Friday, 16 September 2011

She's in Fine Voice Tonight, Captain Haddock

Steerforth referred to me extremely kindly in a post the other day and now, by referring to him referring to me, I am setting in motion something that reminds me of the endlessly repeating reflections you sometimes get in changing-room mirrors, a phenomenon that I first noticed when, aged about six, I was trying on a party dress in a cubicle in the children's department of  Peter Jones, Sloane Square, while above my head the terrifying sales lady and my mother discussed the sad fact that I wasn't the kind of girl to carry off frills (and, even now, while I am aware that they were tactlessly but absolutely right, I still wish I were a frill-carrier-offer,[but we all have our crosses to bear in life, don't we?{and have you noticed by the way that these brackets within brackets are, in their own way, a kind of mirroring of the mirroring effect I'm talking about?}])

Anyway, the substance of that post of Steerforth's was his attitude to opera and how he'd thought he didn't like it but in fact he found he really did.  His story reminded me of a similar experience I had about a decade ago when I was driving along the road that runs by Schwedenplatz in Vienna. I have no idea where I was going but I'd come from Nussdorf, passing the Hundertwasser recycling station, hurtling along without hindrance until I reached this point. But now I'd arrived at a traffic jam, which I'd become deeply stuck in. Outside, it began to rain.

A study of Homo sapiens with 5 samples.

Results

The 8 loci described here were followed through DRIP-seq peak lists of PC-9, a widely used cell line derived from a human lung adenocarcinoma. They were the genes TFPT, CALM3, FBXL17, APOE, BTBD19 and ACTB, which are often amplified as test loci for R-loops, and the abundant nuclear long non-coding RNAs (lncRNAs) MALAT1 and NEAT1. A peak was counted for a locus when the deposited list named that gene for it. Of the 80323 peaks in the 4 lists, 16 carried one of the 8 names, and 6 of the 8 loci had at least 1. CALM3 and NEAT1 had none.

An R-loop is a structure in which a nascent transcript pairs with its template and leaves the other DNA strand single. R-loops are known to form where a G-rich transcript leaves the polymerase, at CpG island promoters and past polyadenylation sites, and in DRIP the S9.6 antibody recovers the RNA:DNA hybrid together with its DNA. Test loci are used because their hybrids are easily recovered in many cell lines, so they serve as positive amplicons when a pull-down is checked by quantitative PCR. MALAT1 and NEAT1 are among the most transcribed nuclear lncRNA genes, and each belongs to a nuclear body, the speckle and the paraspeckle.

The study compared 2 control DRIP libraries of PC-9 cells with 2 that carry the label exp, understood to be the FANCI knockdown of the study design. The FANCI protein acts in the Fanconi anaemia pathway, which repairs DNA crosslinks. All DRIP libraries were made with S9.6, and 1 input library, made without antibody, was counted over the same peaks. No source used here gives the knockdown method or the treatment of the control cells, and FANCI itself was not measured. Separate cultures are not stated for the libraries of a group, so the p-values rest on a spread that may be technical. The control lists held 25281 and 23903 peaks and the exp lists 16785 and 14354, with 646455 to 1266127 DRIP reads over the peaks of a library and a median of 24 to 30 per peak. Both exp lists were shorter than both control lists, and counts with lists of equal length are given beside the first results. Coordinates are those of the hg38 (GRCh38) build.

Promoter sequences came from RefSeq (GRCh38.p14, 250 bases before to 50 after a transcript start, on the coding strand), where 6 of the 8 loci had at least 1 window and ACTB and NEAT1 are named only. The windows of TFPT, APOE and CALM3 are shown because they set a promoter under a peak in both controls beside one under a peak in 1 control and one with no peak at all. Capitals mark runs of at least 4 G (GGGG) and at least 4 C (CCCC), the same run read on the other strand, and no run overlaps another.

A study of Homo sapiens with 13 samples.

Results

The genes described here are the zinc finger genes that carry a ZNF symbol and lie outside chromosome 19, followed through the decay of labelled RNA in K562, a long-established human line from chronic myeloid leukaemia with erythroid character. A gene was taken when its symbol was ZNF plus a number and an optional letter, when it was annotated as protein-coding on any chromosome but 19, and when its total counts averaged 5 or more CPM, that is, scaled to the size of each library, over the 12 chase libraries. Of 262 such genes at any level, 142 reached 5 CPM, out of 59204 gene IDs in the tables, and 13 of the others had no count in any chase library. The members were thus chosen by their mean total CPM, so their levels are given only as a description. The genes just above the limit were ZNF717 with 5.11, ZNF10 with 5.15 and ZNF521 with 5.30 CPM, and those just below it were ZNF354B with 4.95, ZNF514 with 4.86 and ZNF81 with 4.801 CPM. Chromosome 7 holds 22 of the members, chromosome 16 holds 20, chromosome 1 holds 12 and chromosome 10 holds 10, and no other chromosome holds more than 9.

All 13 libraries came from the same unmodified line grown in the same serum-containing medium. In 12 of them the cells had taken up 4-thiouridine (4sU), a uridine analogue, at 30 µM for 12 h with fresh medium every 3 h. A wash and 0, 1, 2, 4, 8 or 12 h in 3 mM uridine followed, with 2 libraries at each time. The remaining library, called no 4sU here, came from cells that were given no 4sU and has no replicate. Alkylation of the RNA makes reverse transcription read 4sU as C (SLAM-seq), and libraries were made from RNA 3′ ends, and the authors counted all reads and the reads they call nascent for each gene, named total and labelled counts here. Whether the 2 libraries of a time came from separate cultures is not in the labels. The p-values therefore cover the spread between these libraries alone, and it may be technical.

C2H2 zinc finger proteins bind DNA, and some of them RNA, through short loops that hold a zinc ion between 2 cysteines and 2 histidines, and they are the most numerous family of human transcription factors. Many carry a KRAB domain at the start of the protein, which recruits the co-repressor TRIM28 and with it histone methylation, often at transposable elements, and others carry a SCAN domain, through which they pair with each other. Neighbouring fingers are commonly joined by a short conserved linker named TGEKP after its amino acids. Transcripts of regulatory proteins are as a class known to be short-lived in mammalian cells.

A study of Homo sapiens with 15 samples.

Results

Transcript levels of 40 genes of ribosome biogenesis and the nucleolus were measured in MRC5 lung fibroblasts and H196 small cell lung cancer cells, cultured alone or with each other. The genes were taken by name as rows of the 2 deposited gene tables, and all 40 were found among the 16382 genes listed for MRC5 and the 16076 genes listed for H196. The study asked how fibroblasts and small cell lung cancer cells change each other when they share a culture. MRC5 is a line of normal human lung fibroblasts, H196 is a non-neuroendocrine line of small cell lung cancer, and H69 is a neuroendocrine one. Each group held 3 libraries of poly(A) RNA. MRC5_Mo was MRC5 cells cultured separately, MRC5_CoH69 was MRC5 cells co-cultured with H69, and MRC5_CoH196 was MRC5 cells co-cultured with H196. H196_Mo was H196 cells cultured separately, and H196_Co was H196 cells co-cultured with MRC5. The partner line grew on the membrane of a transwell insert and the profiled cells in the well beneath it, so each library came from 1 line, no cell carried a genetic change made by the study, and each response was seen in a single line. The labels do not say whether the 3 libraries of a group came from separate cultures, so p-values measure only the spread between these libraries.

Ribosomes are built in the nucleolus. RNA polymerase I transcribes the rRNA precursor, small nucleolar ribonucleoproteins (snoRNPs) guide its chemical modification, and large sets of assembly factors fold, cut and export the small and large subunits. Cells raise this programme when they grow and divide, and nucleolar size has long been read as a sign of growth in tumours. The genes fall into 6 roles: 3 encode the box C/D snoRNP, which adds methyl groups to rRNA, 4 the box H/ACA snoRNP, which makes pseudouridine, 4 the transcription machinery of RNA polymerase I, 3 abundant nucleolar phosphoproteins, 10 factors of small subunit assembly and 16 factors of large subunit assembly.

To pass the time, I turned on the radio. From the speakers came the sound of a woman's voice. It was uncannily beautiful. I no longer cared that I was in a traffic jam. I'd become mesmerised by the music.  When at last it ended, I listened carefully, determined to note down the singer's name, so that I could buy some recordings of her. It was Joan Sutherland. I couldn't believe it. My immediate thought was, 'It can't have been, because I don't like Joan Sutherland.'  But, of course, I'd never given her the benefit of listening to her without  prejudice. There was the way she looked, to start with, and there were the stories I'd heard told by embittered rivals about how she'd blotted out the chances of her contemporaries among the ranks of Australian female singers.

But now, in the absence of knowledge about who I was listening to, I'd discovered the most important thing about her of all. Her voice was wonderful, she was a woman who had an extraordinary soaringly beautiful talent. None of the rest mattered; in fact, most of it was completely wrong.